MIDLAND CITY, Ala. —
Neighbors said they heard a bang and gunshots, but the FBI wouldn't confirm that. Authorities also kept under wraps exactly how they were able to monitor Dykes and the boy in such a confined space.
"We have a big crime scene behind us to process," said Special Agent Steve Richardson of the FBI's office in Mobile. "I can't talk about sources, techniques or methods that we used. But I can tell you the success story is (the boy) is safe."
Dale County Sheriff Wally Olson said Dykes was armed when officers entered the bunker. He added the boy was threatened, but declined to elaborate.
"That's why we went inside — to save the child," he said.
Daryle Hendry, who lives about a quarter-mile from the bunker, said he heard a boom Monday afternoon, followed by what sounded like a gunshot. Dykes had been seen with a gun, and officers concluded the boy was in imminent danger, Richardson told reporters.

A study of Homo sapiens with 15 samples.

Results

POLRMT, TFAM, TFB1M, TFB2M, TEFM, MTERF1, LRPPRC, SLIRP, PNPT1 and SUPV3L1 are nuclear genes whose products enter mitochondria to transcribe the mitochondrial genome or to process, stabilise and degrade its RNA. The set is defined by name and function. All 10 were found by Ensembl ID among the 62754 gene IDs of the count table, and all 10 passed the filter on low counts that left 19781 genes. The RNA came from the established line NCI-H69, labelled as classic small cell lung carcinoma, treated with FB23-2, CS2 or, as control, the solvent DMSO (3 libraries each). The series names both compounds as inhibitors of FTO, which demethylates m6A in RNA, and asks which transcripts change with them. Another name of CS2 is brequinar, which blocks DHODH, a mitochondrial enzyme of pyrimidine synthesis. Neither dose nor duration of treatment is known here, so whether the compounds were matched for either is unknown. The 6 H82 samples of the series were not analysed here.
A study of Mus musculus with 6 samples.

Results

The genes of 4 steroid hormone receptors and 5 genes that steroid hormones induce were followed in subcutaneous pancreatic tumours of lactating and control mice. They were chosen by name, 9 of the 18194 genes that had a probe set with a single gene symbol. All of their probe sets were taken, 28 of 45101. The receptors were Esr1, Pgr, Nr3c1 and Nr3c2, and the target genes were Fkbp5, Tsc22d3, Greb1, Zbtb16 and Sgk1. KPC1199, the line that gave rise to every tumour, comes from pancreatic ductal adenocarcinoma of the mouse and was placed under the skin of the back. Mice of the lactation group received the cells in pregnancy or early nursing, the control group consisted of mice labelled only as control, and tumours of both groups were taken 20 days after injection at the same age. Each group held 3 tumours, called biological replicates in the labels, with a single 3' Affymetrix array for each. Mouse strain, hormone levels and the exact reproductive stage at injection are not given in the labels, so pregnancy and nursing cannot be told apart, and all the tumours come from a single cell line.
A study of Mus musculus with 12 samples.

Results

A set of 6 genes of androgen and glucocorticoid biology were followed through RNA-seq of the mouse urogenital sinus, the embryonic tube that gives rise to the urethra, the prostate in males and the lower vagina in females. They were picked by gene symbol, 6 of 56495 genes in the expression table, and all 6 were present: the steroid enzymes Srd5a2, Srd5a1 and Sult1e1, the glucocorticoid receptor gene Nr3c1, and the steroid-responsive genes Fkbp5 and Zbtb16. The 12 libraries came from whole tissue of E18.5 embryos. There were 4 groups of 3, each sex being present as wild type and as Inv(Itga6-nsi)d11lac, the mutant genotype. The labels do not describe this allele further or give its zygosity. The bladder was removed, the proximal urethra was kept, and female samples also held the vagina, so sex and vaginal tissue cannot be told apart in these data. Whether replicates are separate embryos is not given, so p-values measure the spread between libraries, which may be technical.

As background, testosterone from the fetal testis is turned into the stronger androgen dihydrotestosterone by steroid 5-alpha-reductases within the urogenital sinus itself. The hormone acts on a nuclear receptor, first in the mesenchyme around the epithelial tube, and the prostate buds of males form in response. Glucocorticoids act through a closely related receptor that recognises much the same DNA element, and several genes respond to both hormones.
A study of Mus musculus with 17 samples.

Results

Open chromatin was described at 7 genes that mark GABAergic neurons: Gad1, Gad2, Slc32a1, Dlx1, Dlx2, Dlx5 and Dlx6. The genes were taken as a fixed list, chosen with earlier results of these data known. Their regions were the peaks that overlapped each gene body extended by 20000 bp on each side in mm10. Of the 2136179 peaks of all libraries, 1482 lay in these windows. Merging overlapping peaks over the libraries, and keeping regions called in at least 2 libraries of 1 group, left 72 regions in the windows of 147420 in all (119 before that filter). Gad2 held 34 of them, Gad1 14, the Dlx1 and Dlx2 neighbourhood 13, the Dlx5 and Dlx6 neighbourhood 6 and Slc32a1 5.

It was not immediately clear how authorities determined the man had a gun.
The boy was reunited with his mother and taken to a hospital to be checked out. Officials have said he has Asperger's syndrome and attention deficit hyperactivity disorder.
Richardson said he saw the child at the hospital and he was laughing, joking, eating and "doing the things you'd expect a normal 5- or 6-year-old to do."
The rescue capped a hostage drama that disrupted the lives of many in a tranquil town of 2,400 people set amid peanut farms and cotton fields some 100 miles southeast of the state capital of Montgomery.
It's a small, close-knit community that has long relied on a strong Christian faith, a policy of "love thy neighbor" and the power of group prayer.